The 35 scientists from 14 countries participating in the Integrated Ocean Drilling Program (IODP) Expedition 339, Mediterranean Outflow, retrieved the first sediment samples from below the Mediterranean seafloor. The researchers are using the sediment cores to gain a better understanding of the climate history over the last five million years and believe the Mediterranean bottom currents could affect future oil and gas exploration.
Mediterranean bottom currents and the sediment deposits they leave behind offer new insights into global climate change, the opening and closing of ocean circulation gateways and locations where hydrocarbon deposits may lie buried under the sea.
A team of 35 scientists from 14 countries recently returned from an expedition off the southwest coast of Iberia and the nearby Gulf of Cadiz. There the geologists collected core samples of sediments that contain a detailed record of the Mediterranean’s history. The scientists retrieved the samples by drilling into the ocean floor during an eight-week scientific expedition onboard the ship JOIDES Resolution.
The group–researchers participating in Integrated Ocean Drilling Program (IODP) Expedition 339: Mediterranean Outflow–is the first to retrieve sediment samples from deep below the seafloor in this region.
Much of the sediment in the cores is known as “contourite” because the currents that deposit it closely follow the contours of the ocean basin.
“The recovery of nearly four kilometers of contourite sediments deposited from deep underwater currents presents a superb opportunity to understand water flow from the Mediterranean Sea to the Atlantic Ocean,” says Jamie Allan, program director at the National Science Foundation (NSF), which co-funds IODP.
“Knowledge of this water flow is important for understanding Earth’s climate history in the last five million years.”
“We now have a much greater insight into the distinctive character of contourites, and have validated beyond doubt the existing paradigm for this type of sedimentation,” says Dorrik Stow of Heriot-Watt University in the United Kingdom and co-chief scientist for Expedition 339.
The world’s oceans are far from static. Large currents flow at various depths beneath the surface. These currents form a global conveyor belt that transfers heat energy and helps buffer Earth’s climate.
Critical gateways in the oceans affect circulation of these major currents.
The Strait of Gibraltar is one such gateway. It re-opened less than six million years ago.
Today, deep below the surface, there is a powerful cascade of Mediterranean water spilling out through the strait into the Atlantic Ocean.
Because this water is saltier than the Atlantic–and therefore heavier–it plunges more than 1,000 meters downslope, scouring the rocky seafloor, carving deep-sea canyons and building up mountains of mud on a little-known submarine landscape.
The sediments hold a record of climate change and tectonic activity that spans much of the past 5.3 million years.
The team found evidence for a “tectonic pulse” at the junction between the African and European tectonic plates, which is responsible for the rising and falling of key structures in and around the gateway.
This event also led to strong earthquakes and tsunamis that dumped large flows of debris and sand into the deep sea.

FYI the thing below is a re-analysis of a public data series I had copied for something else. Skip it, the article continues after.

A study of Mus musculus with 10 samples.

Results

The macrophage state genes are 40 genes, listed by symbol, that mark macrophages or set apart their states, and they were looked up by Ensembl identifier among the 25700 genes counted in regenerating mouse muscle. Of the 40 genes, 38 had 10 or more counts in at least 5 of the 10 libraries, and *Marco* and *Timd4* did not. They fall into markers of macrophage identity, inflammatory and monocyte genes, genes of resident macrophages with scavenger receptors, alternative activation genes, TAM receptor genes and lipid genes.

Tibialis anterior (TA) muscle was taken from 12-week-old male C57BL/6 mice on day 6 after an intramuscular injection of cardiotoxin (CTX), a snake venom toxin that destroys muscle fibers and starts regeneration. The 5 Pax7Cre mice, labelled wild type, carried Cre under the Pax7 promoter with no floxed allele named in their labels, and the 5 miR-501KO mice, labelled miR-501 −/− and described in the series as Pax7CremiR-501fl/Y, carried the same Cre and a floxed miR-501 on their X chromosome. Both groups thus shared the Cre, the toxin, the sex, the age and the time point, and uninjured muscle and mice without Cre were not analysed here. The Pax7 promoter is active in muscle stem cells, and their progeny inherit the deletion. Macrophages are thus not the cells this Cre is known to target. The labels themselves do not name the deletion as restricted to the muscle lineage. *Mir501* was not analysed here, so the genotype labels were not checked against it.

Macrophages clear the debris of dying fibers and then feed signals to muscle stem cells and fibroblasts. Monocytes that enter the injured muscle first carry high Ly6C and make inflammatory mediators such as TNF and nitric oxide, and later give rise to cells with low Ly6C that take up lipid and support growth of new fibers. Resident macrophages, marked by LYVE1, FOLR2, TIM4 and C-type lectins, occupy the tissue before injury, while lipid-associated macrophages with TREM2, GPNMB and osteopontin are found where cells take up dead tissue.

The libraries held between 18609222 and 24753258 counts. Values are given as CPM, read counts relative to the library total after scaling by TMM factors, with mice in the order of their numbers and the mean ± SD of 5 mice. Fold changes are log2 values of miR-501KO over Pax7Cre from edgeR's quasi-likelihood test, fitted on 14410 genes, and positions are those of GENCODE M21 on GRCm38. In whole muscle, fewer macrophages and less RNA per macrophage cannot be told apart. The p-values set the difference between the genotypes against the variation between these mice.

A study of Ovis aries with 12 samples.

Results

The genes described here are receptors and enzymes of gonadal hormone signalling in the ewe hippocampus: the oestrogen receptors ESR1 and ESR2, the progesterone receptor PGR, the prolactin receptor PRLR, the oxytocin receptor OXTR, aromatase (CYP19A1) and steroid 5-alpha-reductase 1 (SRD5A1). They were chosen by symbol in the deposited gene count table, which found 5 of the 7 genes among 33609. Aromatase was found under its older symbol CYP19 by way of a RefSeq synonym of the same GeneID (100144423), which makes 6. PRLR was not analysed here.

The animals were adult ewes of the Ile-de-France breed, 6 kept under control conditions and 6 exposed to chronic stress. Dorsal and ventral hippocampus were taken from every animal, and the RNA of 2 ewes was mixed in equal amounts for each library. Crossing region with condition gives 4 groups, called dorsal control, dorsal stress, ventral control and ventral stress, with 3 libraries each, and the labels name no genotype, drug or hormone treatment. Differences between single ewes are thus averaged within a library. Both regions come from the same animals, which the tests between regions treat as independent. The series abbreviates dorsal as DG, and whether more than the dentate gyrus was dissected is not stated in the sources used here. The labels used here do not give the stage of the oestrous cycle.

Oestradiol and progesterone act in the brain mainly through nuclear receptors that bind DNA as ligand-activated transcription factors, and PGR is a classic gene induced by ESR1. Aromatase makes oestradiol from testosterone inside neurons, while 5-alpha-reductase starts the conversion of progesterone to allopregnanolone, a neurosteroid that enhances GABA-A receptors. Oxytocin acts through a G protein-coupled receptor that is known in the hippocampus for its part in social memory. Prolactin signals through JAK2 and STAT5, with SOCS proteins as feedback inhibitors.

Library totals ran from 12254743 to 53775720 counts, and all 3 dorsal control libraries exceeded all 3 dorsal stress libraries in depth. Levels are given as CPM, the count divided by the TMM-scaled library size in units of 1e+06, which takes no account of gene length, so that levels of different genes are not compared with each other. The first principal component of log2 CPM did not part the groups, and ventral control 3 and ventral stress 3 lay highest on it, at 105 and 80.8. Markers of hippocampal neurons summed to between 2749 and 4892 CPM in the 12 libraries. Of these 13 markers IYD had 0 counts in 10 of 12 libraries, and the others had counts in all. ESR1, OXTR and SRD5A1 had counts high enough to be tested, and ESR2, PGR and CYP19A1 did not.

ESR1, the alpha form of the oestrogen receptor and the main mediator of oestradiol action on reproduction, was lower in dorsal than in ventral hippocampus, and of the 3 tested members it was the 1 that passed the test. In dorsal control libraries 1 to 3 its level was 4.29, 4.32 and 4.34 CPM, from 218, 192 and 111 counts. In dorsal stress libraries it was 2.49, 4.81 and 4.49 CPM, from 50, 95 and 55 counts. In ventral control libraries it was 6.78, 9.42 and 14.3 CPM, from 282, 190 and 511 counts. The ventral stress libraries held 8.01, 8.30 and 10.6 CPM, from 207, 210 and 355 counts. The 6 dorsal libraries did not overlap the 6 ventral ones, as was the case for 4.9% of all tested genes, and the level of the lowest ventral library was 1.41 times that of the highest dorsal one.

At four of the seven drill sites, there was also a major chunk of the geologic record missing from the sediment cores–evidence of a strong current that scoured the seafloor.
“We set out to understand how the Strait of Gibraltar acted first as a barrier and then a gateway over the past six million years,” says Javier Hernandez-Molina of the University of Vigo in Spain and co-chief scientist for Expedition 339. “We now have that understanding and a record of a deep, powerful Mediterranean outflow through the Gibraltar gateway.”
The first drill site, located on the west Portuguese margin, provided the most complete marine sediment record of climate change over the past 1.5 million years of Earth history.
The sediment cores cover at least four major ice ages and contain a new marine archive to compare against ice core records from Greenland and Antarctica, among other land-based records.
The team was surprised to find exactly the same climate signal in the mountains of contourite mud they drilled in the Gulf of Cádiz.
Because these muds were deposited much faster than the sediments at the Portuguese margin site, the record from these cores could prove to yield even richer, more detailed climate information.
“Cracking the climate code will be more difficult for contourites because they receive a mixed assortment of sediment from varying sources,” Hernandez-Molina says.
“But the potential story that unfolds may be even more significant. The oceans and climate are inextricably linked. It seems there is an irrepressible signal of this nexus in contourite sediments.”
The team also found more sand among the contourite sediments than expected.
The scientists found this sand filling the contourite channels, deposited as thick layers within mountains of mud, and in a single, vast sand sheet that spreads out nearly 100 kilometers from the Gibraltar gateway.
All testify to the strength, velocity and duration of the Mediterranean bottom currents. The finding could affect future oil and gas exploration, the researchers believe.
“The thickness, extent and properties of these sands make them an ideal target in places where they are buried deeply enough to allow for the trapping of hydrocarbons,” Stow explains.
The sands are deposited in a different manner in channels and terraces cut by bottom currents; in contrast, typical reservoirs form in sediments deposited by downslope “turbidity” currents.
“The sand is especially clean and well-sorted, and therefore very porous and permeable,” says Stow. “Our findings could herald a significant shift in future exploration targets.”